1950's Jaeger LeCoultre
1950's Jaeger LeCoultre
- Brand and Country of Manufacture - Jaeger LeCoultre, Switzerland
- Year - 1950's
- Serial - 689695
- Model - Unkown
- Movement & caliber - Manual 480/CW
- Case diameter - 31.5mm
A 10k gold filled Jaeger LeCoultre watch. This funky and quite rare piece was part of the collection of Jaeger LeCoultre model watches sent to the US market for design and assembly. This led to a much wider variety, more ornate and quite unique looking offering of watches in the US market under the LeCoultre brand name. This being a wonderful example of that independence.
The relationship that was forged between JLC and Longines-Wittnauer to sell and distribution JLC watches, under the "LeCoultre" brand in the U.S. The raw LeCoultre movements would be imported into the U.S. under the pre-existing VXN import code registered to Vacheron, as is stamped onto this movement. Once in the U.S., The Longines-Wittnauer company would arrange for U.S. case makers such as Star, Apex, Wadsworth, Schwab & Wuischpard, to produce the cases and designs to JLC's specifications. The watches were then assembled and timed and distributed through the Longines-Wittnauer/Vacheron dealer network in the U.S. under the LeCoultre name. It was not just limited to just watches as other items such as house keys, other novelty items as well clocks fitted with LeCoultre movements we manufactured. They were probably one of the most innovative
Although many of the U.S.-market LeCoultre watches were identical to their Swiss JLC counterparts, there were other new LeCoultre models produced solely for the U.S. In general, the unique U.S. market LeCoultre case styles tended to be much less conservative and more "trendy" than the JLC Swiss-market watches.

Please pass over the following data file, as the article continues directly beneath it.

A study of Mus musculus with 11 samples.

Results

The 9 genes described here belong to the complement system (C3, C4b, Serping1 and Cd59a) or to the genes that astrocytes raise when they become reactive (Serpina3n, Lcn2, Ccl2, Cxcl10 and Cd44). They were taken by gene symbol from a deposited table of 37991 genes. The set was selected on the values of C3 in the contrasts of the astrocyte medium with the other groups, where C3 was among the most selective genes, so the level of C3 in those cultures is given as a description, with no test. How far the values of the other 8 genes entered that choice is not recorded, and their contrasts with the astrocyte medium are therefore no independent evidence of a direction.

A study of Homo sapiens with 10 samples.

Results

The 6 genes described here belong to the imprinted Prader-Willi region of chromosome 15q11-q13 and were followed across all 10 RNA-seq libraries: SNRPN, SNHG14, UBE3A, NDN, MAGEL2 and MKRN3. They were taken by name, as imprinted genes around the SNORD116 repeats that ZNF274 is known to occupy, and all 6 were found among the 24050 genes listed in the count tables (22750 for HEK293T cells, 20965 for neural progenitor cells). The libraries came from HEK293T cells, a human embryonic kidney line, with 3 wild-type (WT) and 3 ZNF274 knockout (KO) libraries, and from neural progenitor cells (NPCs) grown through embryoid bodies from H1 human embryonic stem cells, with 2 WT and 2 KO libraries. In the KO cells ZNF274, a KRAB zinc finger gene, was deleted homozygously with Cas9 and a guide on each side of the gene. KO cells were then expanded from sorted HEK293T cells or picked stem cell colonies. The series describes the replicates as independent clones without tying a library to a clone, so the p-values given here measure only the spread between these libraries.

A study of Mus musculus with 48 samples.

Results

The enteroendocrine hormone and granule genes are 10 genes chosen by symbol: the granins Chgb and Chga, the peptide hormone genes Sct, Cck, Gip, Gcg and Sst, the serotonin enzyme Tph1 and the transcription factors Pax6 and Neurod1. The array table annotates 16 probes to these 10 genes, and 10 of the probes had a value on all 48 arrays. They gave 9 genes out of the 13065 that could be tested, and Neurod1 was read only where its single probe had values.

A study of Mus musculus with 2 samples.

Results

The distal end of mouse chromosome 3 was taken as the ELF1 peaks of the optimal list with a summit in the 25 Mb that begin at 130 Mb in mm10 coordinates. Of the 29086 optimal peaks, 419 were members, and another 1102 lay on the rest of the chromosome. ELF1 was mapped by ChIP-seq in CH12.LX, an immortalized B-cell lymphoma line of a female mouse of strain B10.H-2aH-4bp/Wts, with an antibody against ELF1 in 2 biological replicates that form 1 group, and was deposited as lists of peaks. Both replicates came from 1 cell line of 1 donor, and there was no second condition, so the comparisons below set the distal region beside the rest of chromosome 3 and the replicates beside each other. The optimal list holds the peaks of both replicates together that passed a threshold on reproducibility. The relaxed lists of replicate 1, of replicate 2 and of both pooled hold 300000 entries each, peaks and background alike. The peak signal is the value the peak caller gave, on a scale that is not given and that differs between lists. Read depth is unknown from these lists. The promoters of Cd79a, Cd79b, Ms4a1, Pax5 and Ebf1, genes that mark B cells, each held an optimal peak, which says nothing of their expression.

This watch is presented in superb, untouched condition. The very rare brown painted dial with gilt printing and applied metal makers is a no-lume version, as was more common with more dress designed pieces. There is spidering to the dial, and a small loss of paint to the subsidiary seconds, but still has a wonderful color and character. This dial is signed "SWISS" just below the six o'clock plot marker.
The movement inside this watch is manual wind caliber 480/CW. This is a 17 jewels caliber that was also used for the cleverly engineered mystery watches of the era, a unique collaboration between LeCoultre and Vacheron Constantin.
The watch dates to the early 1950’s and is a real talking point. With the very unusual and large faceted bezel surrounding the original mineral glass crystal the horn lugs almost seem to float off the bezel due to the space afforded from them and the bezel. It is rare to find such an interesting looking watch, and in such original condition. Although the case diameter does measure that wide, the lugs and design means it wears beautifully on the wrist.